Mamoudou Athie stars in Elemental, a new animated feature from Disney, and says it's one of the best jobs he's had in his career. “I cannot tell you how much I love this movie,” he exclaims. “It feels like the purest experience I've ever had as an actor. When I was a kid, this is what I imagined professional acting would be like—just a lot of fun and making something that feels just so good to make.”

The film takes place in Element City, where fire, water, earth and air residents live together. Athie plays Wade, a water element who is an eternal optimist. 

“He sees the best in and he wants to bring out the best in people, and he does it so innocently and sweetly with no ego,” Athie says. “He does have his personal issues. It's been tough for him to hold down a job. But he's finding himself. And then he meets a girl named Ember and goes on a little self-discovery journey.”

Athie shares more about his character and why he’s just a little obsessed with water in real life.

EBONY: How much do you have in common with your onscreen alter-ego, Wade?

Mamoudou Athie: I'm actually more like Ember, who is a fire element. She has this passionate, fiery nature that I relate with. But there's something about Wade. His patience with people is something I find admirable and that I'm always striving for because I'm not, by nature, a very patient person. Sometimes I want to rush in and give people advice. Wade is certainly a little bit more gentle with his delivery.

What are some of the real-life issues you think Elemental explores?

The thing that really sticks out the most to me is that it’s all about familial love. I'm from Mauritania and came to the States as a baby. My mom and dad sacrificed everything for us to get over here and they had to start anew. Even as a kid, I understood that they were making a huge sacrifice. My dad had two master's degrees and he wasn't able to use either here. He had to rebuild our life and I can't imagine that. And yet he seemed so at ease and at peace with it because, as he said, “I did it for you.” That debt of gratitude is something that [Elemental director] Pete Sohn and I and I think a lot of people share whether you're an immigrant or not.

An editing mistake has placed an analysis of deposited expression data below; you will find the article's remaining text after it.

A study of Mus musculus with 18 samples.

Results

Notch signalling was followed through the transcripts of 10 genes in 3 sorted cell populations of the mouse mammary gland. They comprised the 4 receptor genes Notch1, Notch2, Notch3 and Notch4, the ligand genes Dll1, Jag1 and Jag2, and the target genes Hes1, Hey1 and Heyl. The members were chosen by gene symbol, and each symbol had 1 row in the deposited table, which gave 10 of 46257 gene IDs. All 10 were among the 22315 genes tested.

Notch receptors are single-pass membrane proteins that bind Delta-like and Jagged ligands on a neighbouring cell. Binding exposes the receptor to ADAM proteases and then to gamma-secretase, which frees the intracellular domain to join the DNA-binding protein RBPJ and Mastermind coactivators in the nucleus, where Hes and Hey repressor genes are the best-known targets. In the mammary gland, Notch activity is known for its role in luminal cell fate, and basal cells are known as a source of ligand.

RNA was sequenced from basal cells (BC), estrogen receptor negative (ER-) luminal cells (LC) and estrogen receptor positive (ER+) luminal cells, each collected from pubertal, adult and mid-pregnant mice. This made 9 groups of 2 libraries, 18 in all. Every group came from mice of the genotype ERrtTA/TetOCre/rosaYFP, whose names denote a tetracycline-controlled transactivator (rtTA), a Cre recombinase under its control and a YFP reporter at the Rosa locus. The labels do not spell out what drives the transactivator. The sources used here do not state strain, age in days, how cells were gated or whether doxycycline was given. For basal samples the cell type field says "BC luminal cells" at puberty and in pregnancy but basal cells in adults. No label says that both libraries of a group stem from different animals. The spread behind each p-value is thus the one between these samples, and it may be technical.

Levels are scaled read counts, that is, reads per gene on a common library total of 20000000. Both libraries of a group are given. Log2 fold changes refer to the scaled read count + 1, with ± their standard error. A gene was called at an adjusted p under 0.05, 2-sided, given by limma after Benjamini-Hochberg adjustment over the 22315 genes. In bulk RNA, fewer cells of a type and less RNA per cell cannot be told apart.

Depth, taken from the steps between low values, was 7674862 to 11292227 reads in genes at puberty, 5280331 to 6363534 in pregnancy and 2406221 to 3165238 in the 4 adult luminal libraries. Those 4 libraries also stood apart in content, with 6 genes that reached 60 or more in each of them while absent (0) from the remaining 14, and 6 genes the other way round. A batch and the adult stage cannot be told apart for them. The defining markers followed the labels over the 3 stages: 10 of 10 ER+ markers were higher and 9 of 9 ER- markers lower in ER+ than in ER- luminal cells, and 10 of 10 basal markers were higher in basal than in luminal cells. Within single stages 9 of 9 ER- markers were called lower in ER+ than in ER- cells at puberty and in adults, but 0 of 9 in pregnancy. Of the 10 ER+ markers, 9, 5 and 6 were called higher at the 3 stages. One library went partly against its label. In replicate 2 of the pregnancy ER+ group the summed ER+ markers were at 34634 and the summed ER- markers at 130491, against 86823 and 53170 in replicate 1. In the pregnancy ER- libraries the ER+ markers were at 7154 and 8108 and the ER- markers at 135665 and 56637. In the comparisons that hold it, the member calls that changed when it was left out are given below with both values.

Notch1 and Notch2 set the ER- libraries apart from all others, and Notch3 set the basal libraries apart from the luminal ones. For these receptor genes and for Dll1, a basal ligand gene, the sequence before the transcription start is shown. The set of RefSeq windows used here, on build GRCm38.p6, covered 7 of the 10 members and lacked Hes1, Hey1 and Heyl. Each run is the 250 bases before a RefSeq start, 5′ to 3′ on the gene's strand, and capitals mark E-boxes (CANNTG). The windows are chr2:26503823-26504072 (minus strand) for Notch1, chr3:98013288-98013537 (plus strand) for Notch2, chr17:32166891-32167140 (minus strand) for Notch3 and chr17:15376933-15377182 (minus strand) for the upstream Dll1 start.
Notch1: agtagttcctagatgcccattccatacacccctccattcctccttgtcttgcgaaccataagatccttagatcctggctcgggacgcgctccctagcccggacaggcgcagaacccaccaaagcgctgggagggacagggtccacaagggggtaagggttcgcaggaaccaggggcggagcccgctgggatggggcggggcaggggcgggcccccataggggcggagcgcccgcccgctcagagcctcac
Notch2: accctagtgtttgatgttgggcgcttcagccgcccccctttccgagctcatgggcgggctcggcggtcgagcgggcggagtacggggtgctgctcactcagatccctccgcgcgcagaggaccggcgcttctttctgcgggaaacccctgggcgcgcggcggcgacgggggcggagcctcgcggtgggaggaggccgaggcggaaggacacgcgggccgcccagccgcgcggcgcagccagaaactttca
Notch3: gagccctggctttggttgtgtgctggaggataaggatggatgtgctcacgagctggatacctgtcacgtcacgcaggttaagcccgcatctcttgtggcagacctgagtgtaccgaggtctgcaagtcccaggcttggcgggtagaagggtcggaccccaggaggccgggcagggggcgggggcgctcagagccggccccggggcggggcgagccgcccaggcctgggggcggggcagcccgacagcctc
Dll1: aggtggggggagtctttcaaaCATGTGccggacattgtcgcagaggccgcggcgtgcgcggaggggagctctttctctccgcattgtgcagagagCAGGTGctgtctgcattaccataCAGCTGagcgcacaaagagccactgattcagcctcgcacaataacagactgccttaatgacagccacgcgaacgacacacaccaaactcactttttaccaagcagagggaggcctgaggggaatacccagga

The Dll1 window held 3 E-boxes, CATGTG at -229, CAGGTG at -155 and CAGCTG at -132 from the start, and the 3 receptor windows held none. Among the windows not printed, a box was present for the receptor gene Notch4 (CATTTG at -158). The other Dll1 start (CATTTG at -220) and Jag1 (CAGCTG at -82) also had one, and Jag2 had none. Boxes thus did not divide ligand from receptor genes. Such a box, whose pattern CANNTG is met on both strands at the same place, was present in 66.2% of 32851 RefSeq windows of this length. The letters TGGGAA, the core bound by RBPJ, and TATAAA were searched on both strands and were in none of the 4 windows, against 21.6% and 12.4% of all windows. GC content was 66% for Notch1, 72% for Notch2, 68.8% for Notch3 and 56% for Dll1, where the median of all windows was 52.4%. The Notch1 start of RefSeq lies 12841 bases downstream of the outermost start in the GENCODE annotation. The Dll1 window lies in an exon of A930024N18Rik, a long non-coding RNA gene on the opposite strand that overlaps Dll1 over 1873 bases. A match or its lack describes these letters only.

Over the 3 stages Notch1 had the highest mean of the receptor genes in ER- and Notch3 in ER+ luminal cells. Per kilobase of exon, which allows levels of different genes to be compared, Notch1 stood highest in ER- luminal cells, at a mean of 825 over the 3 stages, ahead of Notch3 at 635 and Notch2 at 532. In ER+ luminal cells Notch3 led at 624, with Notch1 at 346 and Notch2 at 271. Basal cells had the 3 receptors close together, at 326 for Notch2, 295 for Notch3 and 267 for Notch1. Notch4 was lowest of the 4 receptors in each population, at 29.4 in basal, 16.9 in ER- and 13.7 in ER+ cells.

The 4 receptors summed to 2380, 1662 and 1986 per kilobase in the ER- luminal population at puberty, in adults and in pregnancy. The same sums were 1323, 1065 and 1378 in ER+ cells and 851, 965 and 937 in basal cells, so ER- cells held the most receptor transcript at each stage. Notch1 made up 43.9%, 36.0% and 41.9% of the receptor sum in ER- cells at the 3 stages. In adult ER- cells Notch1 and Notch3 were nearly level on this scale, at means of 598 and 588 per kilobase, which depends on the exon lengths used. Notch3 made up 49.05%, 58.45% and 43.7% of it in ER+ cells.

Are you a fan of the water?  

I love drinking water. I'm actually a maniac about it. In school, I was obsessed with telling people just to drink water, because it can change your life. I was shooting a movie last year in New Orleans. I pulled a muscle because I'd been doing a lot of Muay Thai and I was working out outside. The doctor asked if I was drinking enough water and that I should be drinking a lot more if I’m going to be doing that kind of activity outside. You just got to be hydrated. I feel like the world would be a better place if people were more hydrated.

What should people know about your birth country Mauritania?

It's humongous. But it has a tiny population and really beautiful people there. It's been tough times in Mauritania. A lot of things have changed since my parents grew up there, a different government, which is why we had to escape. And it's been a lot more difficult for Black Mauritanians. That said, it has wonderful history and culture.

When was the last time you were there?

I haven't been able to go back yet. I just recently went back to Senegal, which was as close as I could get. That was a beautiful experience and something that I'm still unpacking because it was my first time back in Africa since I was a baby. There’s a lot of discovery that I need to do. I'm producing a movie that's based in Mauritania about a Mauritanian man. It's a true story that’s very near and dear to my heart.

Why should people see Elemental?

Our director, Peter, and producer Denise Ream put seven years of love and dedication into this. It's one of those films that you can feel when you're watching it. It's devoid of cynicism. I've been desperate to watch something pure and from the heart. And it has that Pixar magic, which means it's hilarious and fun and it's just the best. 

Elemental opens in theaters on June 16, 2023.